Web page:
Intel's growth strategy revolves around a familiar refrain - the x86 architecture makes life better on everyone.
Looking at the Atom products, for example, Intel claims a software edge over ARM.
Companies such as Adobe and mobile game maker Glu relish the idea of crafting software for just one instruction set rather than writing versions of their code for a wide range of ARM variants, according to Otellini. Apparently, Adobe has 150 versions of Flash for ARM chips and just one for Intel products, while Glu makes 25,000 versions of its Transformers game for various mobile devices. That sounds like an awful lot of versions to us, but we'll trust the Little Otter.
Intel will throw a chip called Diamondville (Q2) at the "net top" internet access devices, Menlow (Q2) at mobile internet devices, Sodaville (2009) at consumer electronics and an embedded version of Menlow (Q3) at embedded devices.
The chip maker also expects to serve PC customers with chips that combine standard processors with graphics processors. By 2010, Intel hopes to throw the full weight of its manufacturing expertise at both CPUs and graphics products, meaning that the graphics parts will be built with the latest and greatest technology.
Turning away from chips for a moment, Intel EVP Sean Maloney discussed another nice add-on for PC buyers. The company plans to release a remote wake-up and shutdown tool for computers that will let customers access their machines remotely and then power down the systems when they're done pulling files.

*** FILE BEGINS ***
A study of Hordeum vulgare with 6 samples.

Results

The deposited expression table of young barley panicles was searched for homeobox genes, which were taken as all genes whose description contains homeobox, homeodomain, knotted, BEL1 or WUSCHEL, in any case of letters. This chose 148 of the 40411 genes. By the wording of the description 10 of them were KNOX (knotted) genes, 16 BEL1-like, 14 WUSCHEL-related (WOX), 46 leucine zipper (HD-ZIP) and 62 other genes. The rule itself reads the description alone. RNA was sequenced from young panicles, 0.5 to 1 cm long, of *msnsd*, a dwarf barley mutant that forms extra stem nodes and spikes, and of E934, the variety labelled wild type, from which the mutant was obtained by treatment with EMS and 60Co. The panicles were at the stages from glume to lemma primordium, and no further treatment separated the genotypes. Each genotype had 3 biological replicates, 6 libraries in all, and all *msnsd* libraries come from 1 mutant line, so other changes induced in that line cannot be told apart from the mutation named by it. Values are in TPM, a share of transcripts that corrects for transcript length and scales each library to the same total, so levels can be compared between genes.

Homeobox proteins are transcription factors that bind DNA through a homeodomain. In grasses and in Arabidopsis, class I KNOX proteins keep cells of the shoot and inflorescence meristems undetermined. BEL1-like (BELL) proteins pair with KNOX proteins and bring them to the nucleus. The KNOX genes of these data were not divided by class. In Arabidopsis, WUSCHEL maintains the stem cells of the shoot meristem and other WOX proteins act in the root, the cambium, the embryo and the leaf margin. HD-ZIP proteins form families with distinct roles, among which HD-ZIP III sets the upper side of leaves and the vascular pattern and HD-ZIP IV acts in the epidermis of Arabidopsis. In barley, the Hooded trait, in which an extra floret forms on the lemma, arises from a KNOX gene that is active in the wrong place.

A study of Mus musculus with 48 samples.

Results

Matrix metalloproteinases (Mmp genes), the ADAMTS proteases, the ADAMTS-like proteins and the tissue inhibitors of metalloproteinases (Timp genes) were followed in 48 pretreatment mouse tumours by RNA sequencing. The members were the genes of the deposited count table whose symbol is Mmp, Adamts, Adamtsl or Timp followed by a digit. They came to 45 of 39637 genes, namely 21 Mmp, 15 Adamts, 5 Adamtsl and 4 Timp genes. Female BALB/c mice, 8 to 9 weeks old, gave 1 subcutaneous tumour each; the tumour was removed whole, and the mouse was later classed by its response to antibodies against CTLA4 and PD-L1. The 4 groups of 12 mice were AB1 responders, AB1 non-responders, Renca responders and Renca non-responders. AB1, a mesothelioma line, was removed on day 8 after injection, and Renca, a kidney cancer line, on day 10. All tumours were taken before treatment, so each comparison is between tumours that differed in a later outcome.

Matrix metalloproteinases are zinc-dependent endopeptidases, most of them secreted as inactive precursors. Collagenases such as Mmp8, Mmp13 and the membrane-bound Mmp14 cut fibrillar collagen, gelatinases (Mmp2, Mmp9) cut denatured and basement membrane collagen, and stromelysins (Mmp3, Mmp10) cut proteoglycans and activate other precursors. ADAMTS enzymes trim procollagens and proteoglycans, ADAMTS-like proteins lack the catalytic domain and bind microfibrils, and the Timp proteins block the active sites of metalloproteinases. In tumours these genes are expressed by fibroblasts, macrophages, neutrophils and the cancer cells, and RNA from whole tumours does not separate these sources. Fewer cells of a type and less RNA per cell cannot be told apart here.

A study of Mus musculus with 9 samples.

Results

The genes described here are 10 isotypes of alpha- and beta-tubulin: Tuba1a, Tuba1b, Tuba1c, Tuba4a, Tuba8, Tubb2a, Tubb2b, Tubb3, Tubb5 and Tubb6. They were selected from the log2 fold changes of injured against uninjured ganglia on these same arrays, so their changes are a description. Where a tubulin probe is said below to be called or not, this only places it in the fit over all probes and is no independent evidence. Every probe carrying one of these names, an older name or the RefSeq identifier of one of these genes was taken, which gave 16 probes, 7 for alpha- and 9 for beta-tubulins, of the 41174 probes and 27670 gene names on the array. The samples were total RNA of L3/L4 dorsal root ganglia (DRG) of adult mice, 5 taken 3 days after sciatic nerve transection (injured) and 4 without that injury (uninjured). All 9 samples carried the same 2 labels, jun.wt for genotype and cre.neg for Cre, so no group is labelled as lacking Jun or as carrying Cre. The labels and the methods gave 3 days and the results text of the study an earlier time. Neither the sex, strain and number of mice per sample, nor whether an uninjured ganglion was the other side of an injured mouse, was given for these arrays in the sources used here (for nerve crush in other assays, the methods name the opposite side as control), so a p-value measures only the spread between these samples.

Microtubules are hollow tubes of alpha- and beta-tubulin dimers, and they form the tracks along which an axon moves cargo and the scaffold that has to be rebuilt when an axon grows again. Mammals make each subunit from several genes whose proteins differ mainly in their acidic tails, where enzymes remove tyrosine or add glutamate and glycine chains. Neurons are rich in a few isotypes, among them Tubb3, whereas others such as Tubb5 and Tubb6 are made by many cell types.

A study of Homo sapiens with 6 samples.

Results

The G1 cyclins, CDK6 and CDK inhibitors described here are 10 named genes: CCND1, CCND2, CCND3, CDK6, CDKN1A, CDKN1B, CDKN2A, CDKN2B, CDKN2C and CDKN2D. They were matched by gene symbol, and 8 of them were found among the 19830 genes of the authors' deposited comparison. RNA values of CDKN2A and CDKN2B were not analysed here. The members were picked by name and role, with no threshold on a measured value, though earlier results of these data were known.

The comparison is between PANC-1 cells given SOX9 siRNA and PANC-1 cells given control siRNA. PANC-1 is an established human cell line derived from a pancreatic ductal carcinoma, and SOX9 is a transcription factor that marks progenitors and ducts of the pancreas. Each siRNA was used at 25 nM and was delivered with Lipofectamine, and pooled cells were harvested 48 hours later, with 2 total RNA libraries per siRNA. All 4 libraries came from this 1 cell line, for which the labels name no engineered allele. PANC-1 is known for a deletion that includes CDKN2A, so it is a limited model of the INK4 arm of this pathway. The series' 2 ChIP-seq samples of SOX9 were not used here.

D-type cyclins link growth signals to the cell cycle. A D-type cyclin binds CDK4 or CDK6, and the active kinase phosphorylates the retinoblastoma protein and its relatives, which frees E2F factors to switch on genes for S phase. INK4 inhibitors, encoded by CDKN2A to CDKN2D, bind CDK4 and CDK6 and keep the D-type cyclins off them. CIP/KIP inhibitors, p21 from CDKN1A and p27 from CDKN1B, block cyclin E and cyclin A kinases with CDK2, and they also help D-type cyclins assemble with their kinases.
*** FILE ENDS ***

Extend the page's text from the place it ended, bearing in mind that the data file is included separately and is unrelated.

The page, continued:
Little Otter - Big Show
We thought Intel's brass boys put on a rather solid show for their precious investors. Otellini and friends demonstrated that Intel's 45nm manufacturing prowess stands as a big edge for the company and predicted that 32nm should proceed just as well.
In addition, Intel continues to try and cut as many costs as possible, including the disposal of more than 20,000 workers from a high of just more than 100,000.
Investors love that kind of talk, even when they're hung up on issues such as slumping gross margins.
Otellini, in particular, seemed in his element during the event, using more force than usual to counter notions such as Intel turning into a boring Philip Morris replica.
Now all Intel has to do is live up to its promises, which has proved tough in the past. ®
Intel rejects investor call to give up its hopes and dreams
"it's Microsoft that makes Intel innovations fail"
I know that's not quite what you said, but where is the Microsoft contribution in the various non-MS-related Intel failures from iAPX432 to Itanic, via I2O and every Intel graphics chip which ever drew power, to name but a few?
Intel are quite capable of making glorious failures without MS's help, it's just that Joe Public is even better at being helped to forget them.
What Intel does well
Intel innovates, believe it or not. A lot of things that are currently produced (or abandoned) by other companies originated at Intel (notably, Jones Farm in Oregon, USA, and Intel's Israel operations).
Those innovations which have been gobbled up by Microsoft have failed, as a rule, mostly by being hobbled with "feature creep" and user interface modifications which made the product(s) useless, but there have been plenty of successes, mostly handled by other businesses.
Letting investors dictate the direction of the company is a bad idea; these people are probably financial wizards (although some may simply have inherited their shares), but in a technological world, they're idiots.